M a r i o n   g e t s   a   v i s i t o r   w h i l e   s h o w e r i n g   a t   t h e   B a t e s   M o t e l.
Marion gets into the bathtub and turns on the shower.
[click photo for multiple photos from this scene]

In his Sight and Sound review of Durgnat, Thomson reads this free-floating quality as inaugurating the '60s auteurist aspiration to "weightless sensation." Indeed, the swirling stained water running down the plughole at the end of the shower scene oddly anticipates the swirl of bubbles in that seemingly gratuitous high-angle shot of the coffee cup in Godard's Two or Three Things I Know about Her (1966). The figural excess of the opening shower montage that Brenez is aware of sees the film briefly flee the relentless narrative of Marion's drive. At one point, Marion squints into the pouring water and we are idly reminded of how she squinted through the rain on the windshield as she drove to the Bates Motel. Only then she was responding to the voices in her head as she imagined what her boss, her colleague, and the predatory Texan millionaire whose money she stole will make of her transgression. Norman Bates is not the only crazy with voices in his head, adding to the sometime delicious surmise that Norman and Marion will become an item.

But the awful truth is that the modern girl has fetched up in a dark, empty place. "Neither Miss America nor the girl-next-door any longer, she's stolen something--she's entered into lawlessness, and momentousness, and escaped banality," Harvey writes. As if to echo this flight from the mainstream, the daily American narrative, the shower scene is ripe for a reading on the level of the figural. Australian academic Warwick Mules defines the figural as "the resistive movement that exceeds resolution of the image to character and narration. The figural is an 'excess' that carries the image elsewhere." Echoing Marion's earlier jouissance, her "face becomes figural when it exceeds in its beauty/agony the resolution of character to plot. In the shower scene, where it ceases to be her terror and becomes instead detached, free-floating terror, borne along by the visual and aural affects…it's not that Janet Leigh's face (body) is the outward appearance of the violent death that the character endures, but the 'tearing away' of the body in its appearance as film image from the strict requirements of the plot, even if it is a necessary element to get the character murdered in a certain way." It is in this "tearing away" that Psycho not only announces the shift towards film as film that characterizes the cinephilia, and the modernity, of the '60s, but the "tearing away" of "Janet Leigh" from Marion Crane the narrated character, as it were, announces Leigh's status as emblem of that modernity. The image of a naked blonde in a shower, drenched and screaming, has become a flashback fetish in the cultural consciousness of our time.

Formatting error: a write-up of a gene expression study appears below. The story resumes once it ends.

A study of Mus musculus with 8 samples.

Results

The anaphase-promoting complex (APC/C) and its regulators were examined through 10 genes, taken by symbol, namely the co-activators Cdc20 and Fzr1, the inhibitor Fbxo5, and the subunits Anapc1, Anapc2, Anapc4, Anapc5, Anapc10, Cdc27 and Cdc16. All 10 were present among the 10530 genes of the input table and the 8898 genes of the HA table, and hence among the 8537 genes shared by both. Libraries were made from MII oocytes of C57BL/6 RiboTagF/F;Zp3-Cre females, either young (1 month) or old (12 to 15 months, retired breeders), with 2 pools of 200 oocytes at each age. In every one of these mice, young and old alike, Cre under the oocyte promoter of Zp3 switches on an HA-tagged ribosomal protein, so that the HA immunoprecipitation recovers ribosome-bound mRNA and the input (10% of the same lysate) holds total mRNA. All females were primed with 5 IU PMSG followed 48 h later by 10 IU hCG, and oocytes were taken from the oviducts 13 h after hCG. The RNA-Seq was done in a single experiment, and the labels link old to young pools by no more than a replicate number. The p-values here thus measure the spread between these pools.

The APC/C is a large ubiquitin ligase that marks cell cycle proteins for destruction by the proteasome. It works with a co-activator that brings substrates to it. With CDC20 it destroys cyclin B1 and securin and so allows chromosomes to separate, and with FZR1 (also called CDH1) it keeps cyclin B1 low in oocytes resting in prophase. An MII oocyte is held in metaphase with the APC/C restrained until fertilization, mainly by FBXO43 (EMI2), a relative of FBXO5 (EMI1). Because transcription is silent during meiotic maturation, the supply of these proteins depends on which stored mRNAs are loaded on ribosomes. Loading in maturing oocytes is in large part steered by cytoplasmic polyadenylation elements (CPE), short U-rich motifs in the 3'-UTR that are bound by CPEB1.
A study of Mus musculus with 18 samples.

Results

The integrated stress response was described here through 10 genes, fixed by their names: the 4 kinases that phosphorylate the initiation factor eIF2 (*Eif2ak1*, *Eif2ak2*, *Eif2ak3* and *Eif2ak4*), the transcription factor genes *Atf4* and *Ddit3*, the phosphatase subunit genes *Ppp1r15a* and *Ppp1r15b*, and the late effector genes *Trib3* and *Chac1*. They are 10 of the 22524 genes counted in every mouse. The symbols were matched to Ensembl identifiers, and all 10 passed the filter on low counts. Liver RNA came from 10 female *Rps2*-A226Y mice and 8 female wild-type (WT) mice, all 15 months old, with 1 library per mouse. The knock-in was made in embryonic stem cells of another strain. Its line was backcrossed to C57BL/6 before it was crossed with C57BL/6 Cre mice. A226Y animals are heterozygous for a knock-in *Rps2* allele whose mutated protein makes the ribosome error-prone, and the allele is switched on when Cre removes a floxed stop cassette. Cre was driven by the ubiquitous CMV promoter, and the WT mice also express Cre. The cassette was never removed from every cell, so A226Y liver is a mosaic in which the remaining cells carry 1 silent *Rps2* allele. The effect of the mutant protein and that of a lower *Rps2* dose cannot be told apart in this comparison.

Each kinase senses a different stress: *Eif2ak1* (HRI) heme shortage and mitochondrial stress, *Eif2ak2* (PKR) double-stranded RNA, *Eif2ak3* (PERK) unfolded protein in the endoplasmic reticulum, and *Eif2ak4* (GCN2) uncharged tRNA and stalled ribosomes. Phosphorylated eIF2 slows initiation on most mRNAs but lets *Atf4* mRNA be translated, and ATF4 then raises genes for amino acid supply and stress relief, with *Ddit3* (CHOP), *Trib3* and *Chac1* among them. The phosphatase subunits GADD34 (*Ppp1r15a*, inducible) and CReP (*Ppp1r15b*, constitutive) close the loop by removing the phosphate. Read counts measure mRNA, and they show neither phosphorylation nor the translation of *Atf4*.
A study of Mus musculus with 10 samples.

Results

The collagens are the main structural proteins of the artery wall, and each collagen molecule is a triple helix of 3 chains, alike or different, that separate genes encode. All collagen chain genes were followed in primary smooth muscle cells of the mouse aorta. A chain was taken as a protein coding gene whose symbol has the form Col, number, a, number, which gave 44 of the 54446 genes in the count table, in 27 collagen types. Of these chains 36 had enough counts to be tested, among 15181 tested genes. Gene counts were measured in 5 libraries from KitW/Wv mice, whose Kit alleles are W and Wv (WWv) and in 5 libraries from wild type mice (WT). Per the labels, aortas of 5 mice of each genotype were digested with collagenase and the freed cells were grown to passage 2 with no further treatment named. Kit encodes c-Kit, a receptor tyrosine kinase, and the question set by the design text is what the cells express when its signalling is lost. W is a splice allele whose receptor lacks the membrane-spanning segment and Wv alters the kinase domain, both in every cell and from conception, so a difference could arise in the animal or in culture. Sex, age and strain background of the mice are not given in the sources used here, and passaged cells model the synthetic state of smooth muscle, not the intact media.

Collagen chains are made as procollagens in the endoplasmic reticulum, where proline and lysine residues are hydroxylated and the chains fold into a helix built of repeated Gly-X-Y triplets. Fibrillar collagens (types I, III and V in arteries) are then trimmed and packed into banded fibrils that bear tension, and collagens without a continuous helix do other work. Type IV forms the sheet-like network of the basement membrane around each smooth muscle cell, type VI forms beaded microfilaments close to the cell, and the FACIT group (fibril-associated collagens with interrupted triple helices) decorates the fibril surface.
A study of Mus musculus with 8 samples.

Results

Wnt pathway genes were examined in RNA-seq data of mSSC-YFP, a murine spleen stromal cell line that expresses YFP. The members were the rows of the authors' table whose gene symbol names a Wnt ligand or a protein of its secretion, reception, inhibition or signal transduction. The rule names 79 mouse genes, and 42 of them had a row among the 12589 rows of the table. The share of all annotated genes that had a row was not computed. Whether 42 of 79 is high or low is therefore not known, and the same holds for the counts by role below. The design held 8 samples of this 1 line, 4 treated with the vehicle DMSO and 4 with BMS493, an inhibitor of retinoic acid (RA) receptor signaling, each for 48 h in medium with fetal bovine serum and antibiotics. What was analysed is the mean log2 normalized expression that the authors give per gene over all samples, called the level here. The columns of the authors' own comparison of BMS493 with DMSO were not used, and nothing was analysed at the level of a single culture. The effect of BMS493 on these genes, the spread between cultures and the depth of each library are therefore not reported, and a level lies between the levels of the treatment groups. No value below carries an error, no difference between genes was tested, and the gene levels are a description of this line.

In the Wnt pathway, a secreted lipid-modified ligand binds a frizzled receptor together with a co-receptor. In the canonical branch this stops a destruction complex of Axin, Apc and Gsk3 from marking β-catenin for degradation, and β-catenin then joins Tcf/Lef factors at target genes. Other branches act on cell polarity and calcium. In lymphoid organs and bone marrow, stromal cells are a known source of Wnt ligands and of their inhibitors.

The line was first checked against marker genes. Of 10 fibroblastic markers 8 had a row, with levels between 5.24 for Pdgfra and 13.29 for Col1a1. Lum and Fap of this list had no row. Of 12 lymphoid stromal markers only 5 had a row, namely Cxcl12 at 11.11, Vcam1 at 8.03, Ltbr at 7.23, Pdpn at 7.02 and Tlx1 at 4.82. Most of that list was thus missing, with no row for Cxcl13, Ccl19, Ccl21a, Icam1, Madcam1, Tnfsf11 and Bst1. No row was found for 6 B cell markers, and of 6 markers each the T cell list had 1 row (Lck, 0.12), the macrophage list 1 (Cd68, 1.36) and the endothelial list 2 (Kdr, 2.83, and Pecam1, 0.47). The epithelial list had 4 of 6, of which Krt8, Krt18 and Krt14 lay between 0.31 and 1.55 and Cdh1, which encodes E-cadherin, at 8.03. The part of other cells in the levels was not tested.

Marion is attacked as she showers at the Bates Motel.
[click photo for multiple photos from this scene]

The emblem is a recurring definition of the figural in Brenez. In writings on Abel Ferrara, she has discussed characters drained of three-dimensionality until only the Serial Killer, the Vampire, the Bad Lieutenant remain. We might argue, apropos Brenez, for Marion Crane, drained as she is of character, blood, life, as the Serial Victim, surely one of the most awful emblems of the modern world. Another concept Brenez evokes when discussing the figural is that of the effigy, a sculpture or model drained of personality. In her 1998 essay "The Actor in (the) Place of the Edit" (www.sensesofcinema.com), she writes "it rests on a logic of the effigy, of an actantial (actancielle) derealization which enlightens the performative (actorale) invention." In this light, perhaps we can see that final image of Marion sliding down the wall as anticipating the ghastly figure of Norman's mother's grinning skull, subjectivity become effigy.
After she's attacked, Marion slides down the wall and slumps dead to the floor.
[click photo for multiple photos from this scene]
The grinning skull of Norman's mother greets visitors to the basement of Norman's house.
[click photo for larger version]

In correspondence with me, Australian critic Adrian Martin has reflected that sometimes for Brenez the figural arises out of the stylistic work of the film. Delineated and shaped by that exacting cutting and the shrieking avant-garde score, the effigy descends from an extraordinary orchestration of visual and aural shock.